In GoHealth, LLC v. Zoom Health, Inc., 2013 WL 6183024, the Northern District provides a detailed summary of the necessary Illinois pleading elements of some signature business torts in a diversity contract dispute involving the sale of insurance products.
Plaintiff and defendants entered into a written agreement where plaintiff would sell insurance product leads to defendants for a fee. The defendants would in turn use the leads in peddling insurance products to its own customers. The relationship soured and each side filed claims against each other. Defendant’s counterclaims sounded in consumer fraud and common law fraud. Each side moved to dismiss.
The Court struck defendants’ fraud and negligent misrepresentation claims and upheld its consumer fraud and trade secrets counts.
Fraud Claim and Negligent Misrepresentation Claims
The Court dismissed the defendants’ common law fraud and negligent misrepresentation claims. An Illinois fraud plaintiff must allege a (i) knowingly false statement, (ii) intended to induce reliance in the plaintiff, (iii) reliance by the plaintiff and (iv) damages resulting from the reliance.
Negligent misrepresentation has the same elements as fraud except the plaintiff must allege a negligent or reckless (instead of intentional) false statement. Federal specificity-in-pleading rules under Rule 9(b) don’t apply to a negligent misrepresentation claim. *9-10.
Defendants’ fraud count asserted that plaintiff falsely inflated defendants commission and renewal rates and misstated some sales projections.
The Court found that these two statements non-actionable as they involved future events (e.g. future sales and commissions projections). Statements of future intent, opinions or of financial projections don’t equal fraud under the law.
The Court also rejected defendants’ argument that plaintiff was in business of providing information for the guidance of others in their business dealings – a key exception to the economic loss rule (this rule posits that you can’t recover in tort where a contract governs the parties’ relationship.)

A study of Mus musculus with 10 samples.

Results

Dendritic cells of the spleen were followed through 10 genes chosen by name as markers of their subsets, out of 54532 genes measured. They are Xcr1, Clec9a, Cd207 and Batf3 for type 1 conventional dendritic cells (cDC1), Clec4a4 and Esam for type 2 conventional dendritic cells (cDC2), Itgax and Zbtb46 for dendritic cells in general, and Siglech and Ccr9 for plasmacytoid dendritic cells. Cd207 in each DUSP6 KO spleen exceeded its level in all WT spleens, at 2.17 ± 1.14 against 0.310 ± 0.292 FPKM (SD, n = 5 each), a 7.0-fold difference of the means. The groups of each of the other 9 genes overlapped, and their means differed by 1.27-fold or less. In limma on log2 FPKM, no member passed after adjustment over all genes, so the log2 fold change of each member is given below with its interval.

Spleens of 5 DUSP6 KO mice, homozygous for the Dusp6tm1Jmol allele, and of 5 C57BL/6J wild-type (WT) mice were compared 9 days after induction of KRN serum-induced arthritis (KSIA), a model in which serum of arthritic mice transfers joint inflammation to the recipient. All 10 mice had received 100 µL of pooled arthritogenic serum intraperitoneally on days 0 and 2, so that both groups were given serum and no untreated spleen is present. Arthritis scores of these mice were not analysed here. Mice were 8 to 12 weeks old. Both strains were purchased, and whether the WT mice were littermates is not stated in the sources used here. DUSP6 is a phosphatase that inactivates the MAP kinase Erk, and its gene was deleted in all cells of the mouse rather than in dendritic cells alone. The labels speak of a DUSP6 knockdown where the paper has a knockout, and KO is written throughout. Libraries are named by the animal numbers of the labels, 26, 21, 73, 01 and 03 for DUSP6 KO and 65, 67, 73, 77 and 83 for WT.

The Court held that plaintiff was contractually obligated to provide sales leads and nothing else. It wasn’t hired to provide sales projections or renewal forecasts – the bases for defendants’ fraud and negligent misrepresentation claims. Any information provided by plaintiff in connection with the leads was peripheral to the contract’s core purpose. *11.
Consumer Fraud Claims – Allowed
The court sustained defendants’ consumer fraud counterclaim. 815 ILCS 505/1 (the “Act”). The consumer fraud count was based on plaintiff furnishing over 40,000 bogus and recycled sales leads to defendant instead of fresh leads.
Allowing the claim, the Court broadly construed the Act to encompass business-to-business relationships: “the protections of the Act are not limited to consumers”, but applies broadly to “persons”, including businesses. *12.
The court found the defendant was a “consumer” of plaintiff’s sales leads which constituted intangible property under the Act. (The Act applies to intangible property.)
The defendants’ claim that plaintiff supplied a high volume of duplicate leads also stated a deceptive act under the Act. *12.
This case is post-worthy for its application of the consumer fraud statute to a purely business-to-business setting and its discussion of what constitutes “information” in the context of a negligent misrepresentation claim that will beat an economic loss rule challenge.